By the time we got to the shaded path, the dog was panting heavily, his tongue hanging half-way to the ground. I wondered where he puts that long, pink strip when he’s not hot. Does it roll up like a red carpet after the Oscars, until the next hot spell?
Today, when the moisture in the air makes my hair kink like arthritic fingers, we walk slowly. He gets to stop and sniff every pee droplet left by the dogs in the ‘hood without me hurrying him along so I can meet my step quota for the day. There were many stops. His nostrils flexed and twitched their way forward, breathing heavily.
We walked along “coyote alley”. A resident predator rules the brush on the opposite side of the creek. Last winter she watched us and we watched her a half dozen times. Back then, I looked for tracks in the snow on our side of the path but it is a well worn dog-walking corridor and I didn’t see any. Thank goodness. But I saw trampled snow cutting across the frozen creek. I haven’t seen any beavers at work this spring even though there is ample material for dam-building.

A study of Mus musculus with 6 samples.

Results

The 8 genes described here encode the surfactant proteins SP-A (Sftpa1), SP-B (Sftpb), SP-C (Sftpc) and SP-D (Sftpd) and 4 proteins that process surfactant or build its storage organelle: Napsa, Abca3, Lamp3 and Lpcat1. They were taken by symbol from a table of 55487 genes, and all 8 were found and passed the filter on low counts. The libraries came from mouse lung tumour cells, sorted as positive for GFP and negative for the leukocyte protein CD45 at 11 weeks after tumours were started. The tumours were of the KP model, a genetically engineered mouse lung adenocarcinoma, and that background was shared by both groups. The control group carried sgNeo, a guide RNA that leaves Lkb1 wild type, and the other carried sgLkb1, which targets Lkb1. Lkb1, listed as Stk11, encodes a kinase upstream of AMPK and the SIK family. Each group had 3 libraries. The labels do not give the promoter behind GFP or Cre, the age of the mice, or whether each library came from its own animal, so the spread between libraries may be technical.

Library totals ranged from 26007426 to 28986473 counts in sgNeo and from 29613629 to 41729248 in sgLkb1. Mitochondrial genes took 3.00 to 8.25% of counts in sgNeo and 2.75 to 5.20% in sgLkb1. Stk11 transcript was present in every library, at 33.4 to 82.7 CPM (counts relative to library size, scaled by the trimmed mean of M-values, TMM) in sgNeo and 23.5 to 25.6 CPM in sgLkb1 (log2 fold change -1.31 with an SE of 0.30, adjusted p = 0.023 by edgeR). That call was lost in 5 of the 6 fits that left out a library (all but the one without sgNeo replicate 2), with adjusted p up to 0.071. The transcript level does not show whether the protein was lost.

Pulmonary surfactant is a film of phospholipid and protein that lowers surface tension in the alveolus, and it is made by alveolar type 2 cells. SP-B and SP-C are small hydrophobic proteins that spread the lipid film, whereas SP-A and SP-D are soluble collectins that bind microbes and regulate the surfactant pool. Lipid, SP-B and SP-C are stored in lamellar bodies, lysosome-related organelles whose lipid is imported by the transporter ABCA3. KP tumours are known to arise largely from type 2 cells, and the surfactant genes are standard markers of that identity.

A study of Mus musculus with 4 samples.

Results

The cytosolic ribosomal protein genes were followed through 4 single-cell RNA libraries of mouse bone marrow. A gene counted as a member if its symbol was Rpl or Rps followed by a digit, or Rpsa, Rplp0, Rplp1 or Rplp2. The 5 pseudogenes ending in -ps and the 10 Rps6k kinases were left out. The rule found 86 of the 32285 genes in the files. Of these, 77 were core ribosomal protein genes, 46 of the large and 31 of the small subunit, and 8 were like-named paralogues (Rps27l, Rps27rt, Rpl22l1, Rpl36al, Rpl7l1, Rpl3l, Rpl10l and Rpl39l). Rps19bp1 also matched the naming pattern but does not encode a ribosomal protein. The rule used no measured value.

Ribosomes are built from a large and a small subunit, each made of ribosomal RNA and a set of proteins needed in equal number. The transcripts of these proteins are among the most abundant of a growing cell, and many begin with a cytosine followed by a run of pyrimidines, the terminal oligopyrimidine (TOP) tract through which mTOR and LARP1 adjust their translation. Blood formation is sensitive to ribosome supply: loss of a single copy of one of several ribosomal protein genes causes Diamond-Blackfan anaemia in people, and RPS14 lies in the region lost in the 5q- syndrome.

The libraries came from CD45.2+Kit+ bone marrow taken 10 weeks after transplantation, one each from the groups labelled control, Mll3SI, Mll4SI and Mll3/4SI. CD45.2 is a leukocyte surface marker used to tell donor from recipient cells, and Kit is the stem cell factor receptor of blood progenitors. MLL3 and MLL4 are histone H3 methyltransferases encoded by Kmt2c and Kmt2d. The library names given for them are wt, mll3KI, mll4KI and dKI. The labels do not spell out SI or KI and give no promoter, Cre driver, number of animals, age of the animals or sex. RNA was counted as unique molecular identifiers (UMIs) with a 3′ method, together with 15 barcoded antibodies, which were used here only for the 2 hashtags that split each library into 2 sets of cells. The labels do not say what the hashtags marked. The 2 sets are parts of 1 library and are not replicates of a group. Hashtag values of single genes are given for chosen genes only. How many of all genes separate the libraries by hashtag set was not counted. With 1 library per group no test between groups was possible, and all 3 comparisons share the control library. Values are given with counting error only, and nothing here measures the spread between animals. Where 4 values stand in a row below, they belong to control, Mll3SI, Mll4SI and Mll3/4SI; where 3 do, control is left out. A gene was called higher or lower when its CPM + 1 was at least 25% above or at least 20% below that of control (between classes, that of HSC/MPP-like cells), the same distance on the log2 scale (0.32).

The trees in our part of the world have been attacked by a pretty beetle, called the Emerald Ash Borer. All through the woods, you can see the skeletons of the ash trees, hear the woodpeckers and flickers cracking their bare bones, maybe finding the last of the murdering beetles’ larvae and eating them. Although too late to save the tree, it makes me happy to think there’s natural revenge at work.
It doesn’t take much to fell the dead trees. A strong wind, a heavy load of snow or a fat squirrel with his nut-stuffed cheeks can easily topple a dead ash. Their bodies now criss-cross the creek at frequent intervals and I can’t help worry that a hungry coyote, having finished off the beavers, will pick his way over the brackish water, looking for dinner. A small wooly dog exhaling tuna breathe and no bigger than a beaver could be a fragrant temptation. We proceed with caution.
The brush that was bare in the winter is now a tightly woven wall of branches, leaves, vines, ferns, grasses, and wildflowers. Today, the wind was up and forced branches against branches. They creaked and snapped. Chickadees, goldfinches, and cedar waxwings warbled and squawked. The leaves shushed us. The dog’s snout down, he foraged under the foliage, nosed it aside, found some scat. He dropped a shoulder as if to roll until I noticed what he was about to do in the doo.
The damp air carried scent like a lake carries cabin conversations. I felt like a bee seeing pollen in puddles. Confused, I didn’t know where to put my nose to collect the teasing scents. That one over there! Or this one – here – hanging from this tree. What are these flowers? They smell like Bora Bora or Vanuatu or Corfu, but definitely not here.
It’s a rich season. Noses full, hot and sated, we dawdled home. Now both of us stopped to sniff, breathless from deep breathing, our unseen neighbour forgotten – for now.